View Full Version : A Day in Spencer, North Carolina
Yesterday, my wife and I drove out to the small town of Spencer, North Carolina, to attend 'Rail Days':
North Carolina Transportation Museum (http://www.ci.salisbury.nc.us/nctrans/)
As a rail fan, I was really looking forward to this! I took my Cosina Voigtlander Bessa R and three lenses - 35mm, 50mm, and 90mm (35 and 90 were A. Schact Travenars, the 50 is a pre-Serenar Canon). I brought along a few rolls of Fuji Superia XTRA 400 and Kodak BW 400-2.
Yesterday, the weatherman said it was going to rain all day - and indeed it came down in buckets all during the 2 + hour drive. But no sooner did we get there, and the rain stopped. It stayed overcast, but it didn't rain another drop - until we left. Then it rained buckets all the way home. No kidding!
The museum was fantastic. This was an old rail yard, complete with restored roundhouse, engine yard, and a huge turntable for turning around the engines.
I shot most of the following shots with my 35 and my 90 - didn't find much use for the 50.
Hope you like them!
What railyard would be complete without some hobos wandering around?
Some folk-singers singing old rail tunes - such as "Railroad Bill," which I enjoyed. They're inside the roundhouse - I was fortunate to be able to shoot at 400 ASA, f3.5 and 1/30 seconds. They were performing in front of a caboose, which turned out to be fortuitous. Wait for the next shot!
I happened to look up, and caught a young boy enjoying the view from the cupola of the caboose. Not the greatest framing, but a 'decisive moment' I think!
The museum just got this monster a few weeks ago, I'm told. They had a 'whistle-blowing' contest - this huge sucker won hands down!
This was the 'caboose train'. Nothing but cabooses! Everybody loves a caboose, so this was a natural!
Another angle on the caboose train.
In the USA, mainly blacks, Irish, and Chinese worked on the railroads. When Irish did this, they were called 'Gandy Dancers'. I am not sure what the blacks who worked moving the rails called this. These gentlemen were recreating a scene where they chanted and moved the rails in unison, a bit at a time. It was fascinating.
Close up of a Gandy Dancer. My great-grandfather worked on the Chicago & Alton railroad; he lost a limb and became a Fuller Brush salesman after that. I still have his Elgin railroad pocket watch.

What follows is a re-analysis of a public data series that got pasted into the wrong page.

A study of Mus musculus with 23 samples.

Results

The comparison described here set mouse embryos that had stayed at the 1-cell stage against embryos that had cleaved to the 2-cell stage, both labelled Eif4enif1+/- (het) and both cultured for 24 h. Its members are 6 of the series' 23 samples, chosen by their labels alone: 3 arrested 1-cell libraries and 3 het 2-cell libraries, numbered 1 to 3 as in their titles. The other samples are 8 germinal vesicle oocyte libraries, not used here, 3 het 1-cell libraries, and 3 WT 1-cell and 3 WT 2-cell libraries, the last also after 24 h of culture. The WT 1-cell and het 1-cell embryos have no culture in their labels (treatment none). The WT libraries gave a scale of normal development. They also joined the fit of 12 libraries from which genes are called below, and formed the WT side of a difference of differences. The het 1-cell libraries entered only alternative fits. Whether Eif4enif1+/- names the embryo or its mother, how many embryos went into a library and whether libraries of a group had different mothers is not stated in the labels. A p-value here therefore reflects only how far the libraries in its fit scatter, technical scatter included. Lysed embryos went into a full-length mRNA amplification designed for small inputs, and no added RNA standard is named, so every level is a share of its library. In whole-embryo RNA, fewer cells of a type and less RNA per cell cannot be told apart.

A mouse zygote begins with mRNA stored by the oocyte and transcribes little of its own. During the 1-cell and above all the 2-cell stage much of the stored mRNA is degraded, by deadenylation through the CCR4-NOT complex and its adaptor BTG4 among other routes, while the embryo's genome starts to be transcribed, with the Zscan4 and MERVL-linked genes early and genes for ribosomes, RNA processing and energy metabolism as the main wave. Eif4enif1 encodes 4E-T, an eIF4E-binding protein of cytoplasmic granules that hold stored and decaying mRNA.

Steam train. Ah!
The front of a coal-burning train. I love the smell it makes. My wife hates it!
Last one - and a useful message, if you worked on a railroad in those days!
Hope you liked these!
Bill, those photos are simply great!! Like my father, I have always loved trains. I wish I hadn't missed the era when they were actually used for transportation; a more romantic and elegant time to be sure.
Thanks again, those pictures made my day.:)
great stuff bill!
i felt like i was there.
while i did not inherit it, i too have a very old railroad pocket watch. i think it's an elgin also, i need to go upstairs and check.
i bought it maybe 20 years ago and an old jeweler told me it was about 80 years old then. he could tell by the jewelers marks inside the casing. it had to be checked every 18 months to ensure accuracy.
Hi Bill -- Nice shots, and clearly a fun day admiring RR stuff! Last week I was driving up the river canyon at the same time a train was passing through. I leap-frogged ahead several times to good vantage points and snapped a few shots. Here's one. It struck me odd that there were three engines at the front and two more in the middle...
Great photo essay Bill! I really enjoyed it. And Doug, that train photo of your's is very nice too!
Gandy dancers I am told, were so named for the brand of shovel they used, made by a manufacturing company called Gandy. I don't know if any rythmic movements gave rise to the term dancer, or if it was just something to call them. The chanting and/or singing has been and is used by people all over the world to sychronize movements. Once in a beach town in Korea in the mid-80's, I watched fisherman pull nets in the configuration they wanted and keeping time by chanting. It was fascinating. Still photos of course could not show that "dance."
Did any of those signers happen to sing the line from the song where the man relates being chased and running to the round house because he couldn't be cornered there? :p
Thanks for the photos. I enjoyed them.
Great essay Bill, I enjoyed them very much.